Your work has taken you around the world and introduced you to some very vibrant characters. Are there any memories that really stand out to you as special?

 I’d say that the most impressive character I’ve met in the film business was Luchino Visconti for whom I made a film in 1964, and the three months I spent in Volterra and Rome while making the film Sandra are truly memorable. In the theatre my most vibrant character would have to be Peggy Ashcroft and in Television it would be a tossup between John Gielgud and Janet Sussman.

Have you ever been star-struck?

I don’t think I’ve ever been star-struck but I have been awestruck by star actors, most memorably I think by Paul Scofield with whom I worked in the late sixties.

Of all the leading ladies you have starred opposite, who is your favourite?

I don’t think it would be very polite to name my favourite leading lady, they’ve all been special in their own way. Maybe Judi Dench would top the list as one with whom one could have the most laughs, both on and off stage, actually Honor Blackman is pretty high on the fun list too.

You must have seen many changes in the film, television and theatre industries over your career. How does being an actor today compare to when you were beginning your career?

There have been enormous changes in the business in the 60 years I’ve been a part of it, some good, i.e. rehearsal pay, backstage conditions, and the ending of the “no play…no pay” provision in theatre contracts, some bad, i.e. vastly increased competition for jobs in all areas and the payment of over inflated salaries to the star actors leaving not much more than minimums for everyone else. Of course the major change has been the introduction of T.V. as the major player. It hardly existed when I started and of course when it became firmly established in the late fifties it pretty well ended local Rep Companies and Variety in the provinces. I’d say it is tougher to be an actor now than it was fifty years ago, not helped by the endless supply of young talent graduating from what seems to be an ever increasing number of Drama Schools and Colleges.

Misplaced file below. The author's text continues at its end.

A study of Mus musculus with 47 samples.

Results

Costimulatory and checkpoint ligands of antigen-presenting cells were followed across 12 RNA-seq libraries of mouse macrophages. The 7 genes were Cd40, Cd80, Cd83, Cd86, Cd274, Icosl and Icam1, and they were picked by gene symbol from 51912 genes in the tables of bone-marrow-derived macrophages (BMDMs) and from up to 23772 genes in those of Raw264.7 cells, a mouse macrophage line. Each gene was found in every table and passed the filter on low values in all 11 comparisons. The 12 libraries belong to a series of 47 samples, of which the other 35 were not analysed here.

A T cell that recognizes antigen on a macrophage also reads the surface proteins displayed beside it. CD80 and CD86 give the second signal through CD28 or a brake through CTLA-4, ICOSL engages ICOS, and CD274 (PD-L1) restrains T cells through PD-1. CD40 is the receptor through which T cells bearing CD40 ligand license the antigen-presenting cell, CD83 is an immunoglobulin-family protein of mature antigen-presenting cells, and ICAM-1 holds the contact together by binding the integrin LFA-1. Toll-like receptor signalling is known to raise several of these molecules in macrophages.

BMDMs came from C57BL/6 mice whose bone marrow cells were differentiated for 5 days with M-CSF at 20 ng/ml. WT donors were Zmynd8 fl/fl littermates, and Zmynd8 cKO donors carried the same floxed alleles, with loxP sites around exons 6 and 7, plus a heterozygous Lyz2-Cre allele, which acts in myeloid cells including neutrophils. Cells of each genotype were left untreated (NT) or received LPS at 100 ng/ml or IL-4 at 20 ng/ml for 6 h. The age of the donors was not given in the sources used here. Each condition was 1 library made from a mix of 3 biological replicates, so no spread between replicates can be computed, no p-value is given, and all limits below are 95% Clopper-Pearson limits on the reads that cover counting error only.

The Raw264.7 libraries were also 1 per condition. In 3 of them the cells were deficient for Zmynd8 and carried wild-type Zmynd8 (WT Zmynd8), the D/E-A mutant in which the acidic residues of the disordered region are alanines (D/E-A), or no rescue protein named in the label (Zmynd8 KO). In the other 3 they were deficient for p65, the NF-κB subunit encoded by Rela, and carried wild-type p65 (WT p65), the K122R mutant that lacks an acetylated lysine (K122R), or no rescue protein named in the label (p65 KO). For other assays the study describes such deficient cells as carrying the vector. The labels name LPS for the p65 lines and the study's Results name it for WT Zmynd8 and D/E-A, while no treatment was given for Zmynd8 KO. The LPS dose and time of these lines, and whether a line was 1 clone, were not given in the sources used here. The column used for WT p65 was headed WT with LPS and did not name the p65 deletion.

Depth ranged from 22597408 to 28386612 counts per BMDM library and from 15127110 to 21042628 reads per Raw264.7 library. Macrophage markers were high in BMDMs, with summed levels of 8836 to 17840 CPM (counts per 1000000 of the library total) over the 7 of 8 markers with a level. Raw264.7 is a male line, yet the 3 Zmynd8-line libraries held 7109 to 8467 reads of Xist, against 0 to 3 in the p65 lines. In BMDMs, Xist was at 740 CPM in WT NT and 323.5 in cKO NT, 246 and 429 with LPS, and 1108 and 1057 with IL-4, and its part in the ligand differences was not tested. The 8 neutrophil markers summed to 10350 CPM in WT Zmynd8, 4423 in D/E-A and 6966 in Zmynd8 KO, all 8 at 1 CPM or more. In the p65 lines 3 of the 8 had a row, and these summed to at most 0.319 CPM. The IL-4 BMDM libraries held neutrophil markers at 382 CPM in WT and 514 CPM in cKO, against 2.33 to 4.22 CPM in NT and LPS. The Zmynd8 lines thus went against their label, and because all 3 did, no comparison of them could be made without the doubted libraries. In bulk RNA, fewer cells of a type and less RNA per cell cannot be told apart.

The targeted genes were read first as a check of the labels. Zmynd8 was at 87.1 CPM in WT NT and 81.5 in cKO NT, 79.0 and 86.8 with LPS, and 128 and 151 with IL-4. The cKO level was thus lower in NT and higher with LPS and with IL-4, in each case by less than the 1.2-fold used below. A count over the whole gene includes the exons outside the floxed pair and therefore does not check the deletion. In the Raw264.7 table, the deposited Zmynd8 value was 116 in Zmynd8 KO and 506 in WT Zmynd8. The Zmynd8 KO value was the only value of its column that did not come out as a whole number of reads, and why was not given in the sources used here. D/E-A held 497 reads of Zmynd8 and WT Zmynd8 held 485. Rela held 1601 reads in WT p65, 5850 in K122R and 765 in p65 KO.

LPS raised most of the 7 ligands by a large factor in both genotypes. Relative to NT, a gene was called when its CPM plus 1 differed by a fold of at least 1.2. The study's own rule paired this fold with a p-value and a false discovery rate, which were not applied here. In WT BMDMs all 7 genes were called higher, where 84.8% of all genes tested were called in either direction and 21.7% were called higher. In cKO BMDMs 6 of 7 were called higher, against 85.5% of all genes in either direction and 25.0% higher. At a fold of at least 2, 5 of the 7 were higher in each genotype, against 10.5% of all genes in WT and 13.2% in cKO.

You have been living in Australia for several years now and are returning to perform in Trying. What has drawn you back to the UK?

I didn’t actually come back to the UK to do Trying, I came back to spend time with my family, children and grandchildren etc before I got too decrepit to make the trip. Trying was the last play I did in Australia where it was a great success and when I discovered it had never been produced in the UK, a group of interested parties, myself included, decided to try and mount a production which thanks to Finborough we’ve succeeded in doing. The play is a two hander, semi autobiographical, and addresses the ephemeral nature of fame and life in general.

Francis Biddle the former Judge and the character I play is in the last year of his life and trying to come to terms with his mortality and the fact that he has been forgotten. He was after all Solicitor General, and Attorney General under Franklin Roosevelt, and the Chief American Judge at the Nuremberg trials. He defended the Pennsylvania Coalminers in their fight for rights in the great depression of the thirties and in so doing alienated all his family and associates who accused him of being a traitor to his class and political allegiance. He also fought a losing battle against the Japanese internment in 1942 and now only fifteen years later he is nothing more than a tired old man trying to write his memoirs in the face of increasing ill health and functioning “somewhere between lucidity and senility.” To help in his endeavours he has hired a 25 year old secretary, Sarah, a feisty young lady from Saskatoon Saskatchewan in Canada. The play relates their relationship over the year. The author, Joanna McClelland Glass, was and is the Sarah in the story. It is funny and touching and I do relate to Biddle though I’m not sure we’d have got along. I do know I admire him and what he did and tried to do.

What is the best thing about being an actor?

The best thing about being an Actor would be the buzz you get from a satisfied full house at the end of a successful performance, and I guess the worst thing is the rejections you have to accept when going for a job you hoped to get.